Georgia Cities Foundation Celebrates 20 Years
Tuesday, February 12th, 2019
This year marks the 20th anniversary of the Georgia Cities Foundation (GCF). Since GCF’s founding, Georgia’s downtowns have improved significantly due to the foundation’s programs and services. This impact includes:
277 new downtown businesses
1,573 new jobs
$133.9 million in private investments
Eight cultural facilities
288 downtown housing units
157 hotel units
1,264,235 square feet of redevelopment floor area
193,583 square feet of new construction
Georgia Cities Foundation Milestones
In 2011, a Special Downtown Development Task Force, co-chaired by Lt. Gov. Casey Cagle and GCF President Mike Starr, recommended the creation of a Downtown Capacity Building Partnership, which is named the Georgia Downtown Renaissance Partnership. The Partnership, consisting of GMA and the GCF, and the University of Georgia, works in cooperation with the Georgia Department of Community Affairs and the Georgia Downtown Association to assist cities and local leaders focus on the importance of downtown planning and visioning.
In 2017, the longstanding Heart & Soul mobile workshop format was replaced with two stand-alone downtown workshops for city officials. These six-hour workshops target municipal officials and key city staff that are interested in downtown revitalization.
“Workshop participants are provided opportunities to view actual plans and projects with officials from the host city discussing their downtown and neighborhood strategies, their success stories and their lessons learned,” said Stephanie Aylworth, GMA downtown development manager.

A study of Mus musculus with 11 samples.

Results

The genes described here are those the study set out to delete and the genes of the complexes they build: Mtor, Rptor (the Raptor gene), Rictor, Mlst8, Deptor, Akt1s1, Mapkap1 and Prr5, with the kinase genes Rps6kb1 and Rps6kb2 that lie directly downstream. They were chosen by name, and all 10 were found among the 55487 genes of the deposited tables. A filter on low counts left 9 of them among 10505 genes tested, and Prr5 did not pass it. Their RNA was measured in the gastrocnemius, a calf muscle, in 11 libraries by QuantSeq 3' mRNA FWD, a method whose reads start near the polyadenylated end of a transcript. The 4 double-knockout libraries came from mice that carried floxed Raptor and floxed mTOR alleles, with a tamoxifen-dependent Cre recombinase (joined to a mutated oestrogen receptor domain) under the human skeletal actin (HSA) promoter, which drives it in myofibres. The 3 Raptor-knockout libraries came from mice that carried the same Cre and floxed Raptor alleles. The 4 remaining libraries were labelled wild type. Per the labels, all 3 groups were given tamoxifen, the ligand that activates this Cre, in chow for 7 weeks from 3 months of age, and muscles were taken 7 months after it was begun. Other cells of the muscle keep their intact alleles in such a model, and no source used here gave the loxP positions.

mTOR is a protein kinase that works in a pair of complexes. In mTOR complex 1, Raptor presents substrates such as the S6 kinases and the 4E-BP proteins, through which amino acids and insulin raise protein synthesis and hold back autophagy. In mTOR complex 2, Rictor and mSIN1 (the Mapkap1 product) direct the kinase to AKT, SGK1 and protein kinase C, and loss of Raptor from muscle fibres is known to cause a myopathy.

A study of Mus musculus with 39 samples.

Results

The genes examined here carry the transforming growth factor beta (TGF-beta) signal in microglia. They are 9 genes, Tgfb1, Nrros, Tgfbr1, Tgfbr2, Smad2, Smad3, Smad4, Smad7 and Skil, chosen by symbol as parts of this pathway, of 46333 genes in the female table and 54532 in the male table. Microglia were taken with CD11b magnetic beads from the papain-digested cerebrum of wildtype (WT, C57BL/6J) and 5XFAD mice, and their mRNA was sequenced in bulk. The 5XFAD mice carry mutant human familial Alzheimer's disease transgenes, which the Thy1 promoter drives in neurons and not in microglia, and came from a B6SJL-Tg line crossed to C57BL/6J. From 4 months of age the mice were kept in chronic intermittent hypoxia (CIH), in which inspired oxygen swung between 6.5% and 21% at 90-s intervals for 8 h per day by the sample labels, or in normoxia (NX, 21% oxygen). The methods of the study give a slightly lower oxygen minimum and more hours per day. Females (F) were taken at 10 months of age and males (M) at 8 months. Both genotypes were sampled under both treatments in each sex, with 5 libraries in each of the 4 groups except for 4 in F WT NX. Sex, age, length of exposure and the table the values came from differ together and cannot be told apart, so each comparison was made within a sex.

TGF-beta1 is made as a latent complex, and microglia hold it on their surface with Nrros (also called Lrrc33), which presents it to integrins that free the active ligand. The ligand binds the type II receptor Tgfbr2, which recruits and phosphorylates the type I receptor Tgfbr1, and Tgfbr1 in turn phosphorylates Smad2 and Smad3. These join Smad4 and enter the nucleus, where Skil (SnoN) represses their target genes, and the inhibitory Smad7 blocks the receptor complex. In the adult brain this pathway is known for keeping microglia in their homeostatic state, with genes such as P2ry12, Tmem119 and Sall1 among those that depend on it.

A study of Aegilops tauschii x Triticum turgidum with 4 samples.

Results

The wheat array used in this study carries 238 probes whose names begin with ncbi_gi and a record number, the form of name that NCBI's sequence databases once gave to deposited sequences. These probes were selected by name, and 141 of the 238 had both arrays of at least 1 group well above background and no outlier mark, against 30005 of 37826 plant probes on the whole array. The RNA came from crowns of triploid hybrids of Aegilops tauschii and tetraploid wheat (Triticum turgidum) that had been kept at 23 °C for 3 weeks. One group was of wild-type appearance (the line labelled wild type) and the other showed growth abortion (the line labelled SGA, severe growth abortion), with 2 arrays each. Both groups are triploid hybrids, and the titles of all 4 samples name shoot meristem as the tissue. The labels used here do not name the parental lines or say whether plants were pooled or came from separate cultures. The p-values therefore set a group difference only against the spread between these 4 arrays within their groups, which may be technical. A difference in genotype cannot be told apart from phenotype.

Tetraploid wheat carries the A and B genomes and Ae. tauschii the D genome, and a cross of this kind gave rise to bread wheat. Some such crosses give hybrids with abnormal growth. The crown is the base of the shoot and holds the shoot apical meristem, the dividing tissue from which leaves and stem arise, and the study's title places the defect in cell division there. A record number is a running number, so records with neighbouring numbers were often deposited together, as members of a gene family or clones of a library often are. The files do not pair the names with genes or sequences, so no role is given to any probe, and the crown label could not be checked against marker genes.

In 2018, GCF in conjunction with GMA launched the Georgia Placemaking Collaborative pilot program. The Placemaking Collaborative is a three-year program designed to help selected cities develop durable local partnerships to address their most important economic and quality of life issues. Utilizing a structure similar in design to the highly successful Georgia Initiative for Community Housing model, the Placemaking Collaborative offers communities a program of collaboration, training, networking and technical assistance. The goal of the Georgia Placemaking Collaborative is to identify the unique assets of a community to create and develop strategies and outcomes around quality of life and economic sustainability.
The GCF also recognizes an individual or organization that has made a significant contribution to the revitalization of one or more downtowns in Georgia, through its annual Renaissance Award program. Individuals and organizations from the private sector, non-profit, civic, philanthropic and academic communities are eligible to receive the award. The Renaissance Award is presented each June in Savannah during GMA’s Annual Convention.